Soni Wadhwa Nov 25 2017, 23:18 IST

A character in Samuel Beckett's play Endgame says, "Nothing is funnier than unhappiness." Since the play is conventionally understood to be absurdist, the idea that unhappiness is the funniest thing can come across as ridiculous. That is, until one reads about situations and characters grappling with mundane yet profound state of love and its accompanying conflicts.

Akhil Sharma, in his third book and first collection of short stories, A Life of Adventure and Delight, engages with some interesting and moving accounts of coming to terms with the condition of love and its absurdity. The eight short stories in the book are incredible for their focus on the study of being in love and its nothingness.

Sharma devotes a lot of time and space to examine the various voices in the characters' heads: a divorcee having an affair and confusing it with love; a small boy confused about what to make of his brother's coma; a man who does not like his relative but continues to help him; a wife who falls in and out of love with her husband; a man's adventures in sex; a family that thinks that the newly wed bride is crazy; a son who does not know what to make of his mother's alcoholism and the way she is murdered; and a man who has a fling that leads to abortion and mourning for the unborn.

The ways the Indian characters, at home and in the US, handle relationships and their discontents are "confused and ridiculous", "weak and baffled." A disorientation results from the expected enormity of their experience and the actual vacuity of it when it finally dawns upon the individual. The dissonance between what people do and what they feel in the stories makes the reader wonder why we do not amend our ways. Or maybe the question itself is so heavy that one wants to escape it by revolting against it.

In the story A Life of Delight and Adventure, Gopal meets a hooker in spite of being in a genuine relationship. The last paragraph goes: "His hands on her breasts, Gautama became happier and happier. He knew that tomorrow he would feel guilt and shame, but he did not care. The girl jumped, and he had the sense that nobody else anywhere could be leading a life of such adventure and delight."

The story that works best in the volume is A Heart is Such a Heavy Thing.

It feels scattered because it does not follow one particular character's view of things. It is a typical middle class situation - the son gets married, the father gets drunk at a party, the mother thinks that the daughter-in-law must be crazy to ask for things like shampoo, or for wanting to do yoga on the roof on the next day of marriage, and the younger son wonders where the dowry is. The dowry comes in the form of furniture, which is returned to the store for the cash. The washing machine that comes as a gift is useless because there's serious water shortage: "When Namrita realised the problem, she began laughing, and the fold of sari that had been covering her face slid onto her shoulders. 'You can store clothes in it,' she said. Arun began laughing, too. Namrita smiled at him, and Indira thought for the first time that what she had first seen as a sign of insanity might just be directness."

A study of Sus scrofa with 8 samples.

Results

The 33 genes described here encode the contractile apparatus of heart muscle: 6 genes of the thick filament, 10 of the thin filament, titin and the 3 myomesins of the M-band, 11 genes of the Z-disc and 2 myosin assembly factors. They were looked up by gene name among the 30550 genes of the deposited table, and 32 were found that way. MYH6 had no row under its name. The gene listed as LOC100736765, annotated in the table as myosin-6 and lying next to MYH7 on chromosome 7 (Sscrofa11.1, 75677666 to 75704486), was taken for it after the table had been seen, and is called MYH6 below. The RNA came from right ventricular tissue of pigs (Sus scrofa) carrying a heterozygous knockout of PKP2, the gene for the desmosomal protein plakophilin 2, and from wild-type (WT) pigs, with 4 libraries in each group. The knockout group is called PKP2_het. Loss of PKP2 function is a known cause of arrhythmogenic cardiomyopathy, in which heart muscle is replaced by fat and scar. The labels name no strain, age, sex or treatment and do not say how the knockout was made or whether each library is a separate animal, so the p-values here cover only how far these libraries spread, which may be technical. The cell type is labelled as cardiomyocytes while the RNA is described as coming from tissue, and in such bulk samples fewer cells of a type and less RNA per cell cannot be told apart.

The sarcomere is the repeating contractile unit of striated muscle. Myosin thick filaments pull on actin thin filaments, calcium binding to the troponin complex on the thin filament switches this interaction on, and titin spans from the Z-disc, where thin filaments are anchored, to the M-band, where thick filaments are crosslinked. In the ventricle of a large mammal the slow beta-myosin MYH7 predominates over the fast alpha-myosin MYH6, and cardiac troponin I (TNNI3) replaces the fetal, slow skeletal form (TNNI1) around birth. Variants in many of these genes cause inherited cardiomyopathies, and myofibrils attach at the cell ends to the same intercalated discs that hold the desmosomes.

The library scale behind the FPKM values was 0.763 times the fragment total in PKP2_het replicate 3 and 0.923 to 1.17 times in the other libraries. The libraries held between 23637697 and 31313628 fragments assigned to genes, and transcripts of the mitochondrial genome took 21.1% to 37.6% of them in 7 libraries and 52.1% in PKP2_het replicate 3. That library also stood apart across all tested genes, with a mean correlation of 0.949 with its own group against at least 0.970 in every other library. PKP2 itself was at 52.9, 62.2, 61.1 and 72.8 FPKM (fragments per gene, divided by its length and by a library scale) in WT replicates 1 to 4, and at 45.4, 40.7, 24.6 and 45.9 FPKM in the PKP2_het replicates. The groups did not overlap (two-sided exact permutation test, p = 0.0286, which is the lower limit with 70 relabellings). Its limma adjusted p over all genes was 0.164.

There are insights into love and loved ones too: Gopal, in the story Cosmopolitan, can move on only after accepting that love is extraneous, and the wife in If You Sing Like That for Me is trapped into it forever after admitting to being in love. While one character asks strongly why love someone mediocre, another wonders why choose love at all.

The question of authenticity continues to haunt diasporic writing. Who do the immigrant writers write for? Or, do they deliver a certain variety of India to the West? These questions may have been silenced for their naïve approach to readership and authorship, but each time a new book by a South Asian-American comes up, it is searched for the insights into these issues too. At first sight, Akhil Sharma fails a little. Anglicised spellings like Rajeeve, Gautama and suttee, or italicised Hindi words like kos and annas, or the references to God Krishna, arranged marriages and honour killing emerge as anywhere between amusing to offensive. However, we still live with the news of such killings and lynching. So, the way these things form the material of the stories is forgettable and forgivable. Taken as a whole, the stories are funny and absurd in their moments of figuring out the right thing to do. They are genuine attempts at capturing how our confusions gnaw away at our intellect, and our inability to do anything about it.